Let me start of by saying that if duping exists in Diablo 3, it will kill the game. I don't think that's an exaggeration. You may think to yourself that it won't be so bad because Diablo 2 is still popular and duping there has been going on forever, and in large amounts. While that may be true, duping in D3 will bring Blizzard to its knees. For one thing, a Real-Money Auction House (RMAH) opens the doors to lawsuits when the provider of the in-game currency (Blizzard) allows for mass counterfeiting.
Duping also destroys the integrity of the game. How excited would you be to get an ultra-rare Eaglehorn drop when dupers are selling them by the hundreds on the AH? Duping destroys the excitement that people feel about what they own and what they might find. Duping also fosters feelings of unfairness (think free money for the Big Banks). It's bad, and Blizz needs to ensure that it never happens.
A while back, Diablo 3 Markets posted an article entitles Will Duping Exist in Diablo 3? We asked an Expert. The gist of the article was that Blizzard had learned from the error of their ways, and that by treating items as items that could only exist in one place at a time, it would prevent duping.
In theory, that is a great approach. As a professional software developer, I certainly agree with the approach. But it is far from foolproof. For starters, bugs in the code could still allow duping. Hopefully, the Beta will find all such issues.
I've done a good amount of research on the inner workings of how the D3 game client interacts with the Bnet server with regards to the Auction House. No, I'm not trying to dupe; I'm working on a public AH section for the site. What I do know is that it seems that the items in the AH are kept in a completely different area (and database) than the in-game items. From a programming perspective, this makes a lot sense (especially for performance reasons). But if the hand-off between the two worlds (the in-game world and the AH world) is not done in a secure manner, it can lead to issues. And that is precisely what seems to have happened with two of the recent dupe methods!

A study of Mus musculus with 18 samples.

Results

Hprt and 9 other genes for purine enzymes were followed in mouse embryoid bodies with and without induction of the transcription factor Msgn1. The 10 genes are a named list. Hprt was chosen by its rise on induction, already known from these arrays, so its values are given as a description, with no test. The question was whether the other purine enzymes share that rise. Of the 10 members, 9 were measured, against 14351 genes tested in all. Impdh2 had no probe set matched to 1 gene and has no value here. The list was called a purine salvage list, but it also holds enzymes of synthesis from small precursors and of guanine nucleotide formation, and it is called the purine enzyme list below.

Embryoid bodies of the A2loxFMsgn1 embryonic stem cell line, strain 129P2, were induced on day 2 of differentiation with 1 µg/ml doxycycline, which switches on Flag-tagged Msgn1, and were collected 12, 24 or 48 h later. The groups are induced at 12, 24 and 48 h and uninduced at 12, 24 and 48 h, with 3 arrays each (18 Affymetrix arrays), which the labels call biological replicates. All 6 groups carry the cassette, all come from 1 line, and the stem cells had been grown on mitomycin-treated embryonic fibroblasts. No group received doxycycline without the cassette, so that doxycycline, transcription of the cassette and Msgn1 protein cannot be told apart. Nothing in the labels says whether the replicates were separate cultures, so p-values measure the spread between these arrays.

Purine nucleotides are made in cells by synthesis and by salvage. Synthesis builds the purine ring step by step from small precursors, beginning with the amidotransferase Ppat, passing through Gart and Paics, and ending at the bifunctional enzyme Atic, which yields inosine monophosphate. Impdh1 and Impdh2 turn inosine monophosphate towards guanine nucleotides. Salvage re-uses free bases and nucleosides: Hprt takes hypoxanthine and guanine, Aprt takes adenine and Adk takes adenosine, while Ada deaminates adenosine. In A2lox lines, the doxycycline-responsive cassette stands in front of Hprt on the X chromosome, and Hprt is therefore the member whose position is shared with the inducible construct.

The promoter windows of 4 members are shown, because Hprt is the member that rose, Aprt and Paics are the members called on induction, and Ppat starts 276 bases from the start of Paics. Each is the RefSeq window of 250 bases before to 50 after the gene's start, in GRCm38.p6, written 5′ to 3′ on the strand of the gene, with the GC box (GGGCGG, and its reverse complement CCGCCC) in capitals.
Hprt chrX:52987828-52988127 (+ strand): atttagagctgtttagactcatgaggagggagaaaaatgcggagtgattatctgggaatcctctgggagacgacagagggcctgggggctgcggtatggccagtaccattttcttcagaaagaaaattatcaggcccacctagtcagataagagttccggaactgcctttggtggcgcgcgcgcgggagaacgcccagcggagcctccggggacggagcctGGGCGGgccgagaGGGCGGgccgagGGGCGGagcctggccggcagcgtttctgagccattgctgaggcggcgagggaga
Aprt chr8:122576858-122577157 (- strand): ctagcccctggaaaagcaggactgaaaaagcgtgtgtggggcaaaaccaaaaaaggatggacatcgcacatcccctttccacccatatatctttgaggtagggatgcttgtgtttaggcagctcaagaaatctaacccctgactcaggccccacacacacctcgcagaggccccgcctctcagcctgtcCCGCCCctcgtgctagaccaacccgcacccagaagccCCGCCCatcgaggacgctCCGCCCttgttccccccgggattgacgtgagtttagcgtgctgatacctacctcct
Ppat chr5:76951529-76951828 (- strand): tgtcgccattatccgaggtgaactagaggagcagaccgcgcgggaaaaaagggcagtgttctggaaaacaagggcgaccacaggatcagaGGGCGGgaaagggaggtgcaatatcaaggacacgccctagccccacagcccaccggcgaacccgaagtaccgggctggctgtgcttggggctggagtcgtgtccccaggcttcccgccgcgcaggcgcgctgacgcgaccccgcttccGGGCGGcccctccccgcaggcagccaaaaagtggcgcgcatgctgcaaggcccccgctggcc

As a developer on many Client/Server projects, I came up with an important rule for how to proceed. I called it "Rule # 1 of Client/Server Programming: Never trust the client." Blizzard needs to take that approach as well. And for some things, it seems that it has. Check out the Video of Diablo 3 No Latency for High Ping Players. The way that Blizzard can do this is by letting the client perform all the combat calculations locally (so that it appears instant to the player), and then recheck all those calculations on the server. Since the client and server use the same "random" seed for all calculations (damage, and possibly even monster and item spawns), the server can ensure that the client sent in legitimate results, rather than hacked ones. The server can also ensure that your character is not moving faster than it should (given its current movement) speed, however, this Diablo III Beta - Speedhack video shows that there's still work to be done in that area.
As I wrote in a forum post, my biggest concern is that the dupe methods surfacing so far are only the tip of the iceberg. After all, folks that intend to profit from duping have no interest in sharing their secrets with Blizzard and the D3 community. All the dupe methods so far have mostly been discovered accidentally, rather than by hackers trying to take advantage of the system.
What happens to the game when the legion (and I suspect that it's not a small legion) of hackers and Nigerian princes unleash their skills on the game? Will the game survive? I suspect that the answer will lie in how few and effectively dupes and exploits are dealt with by Blizzard. At the end of the day, this more than anything else in the game will likely determine its long-term success.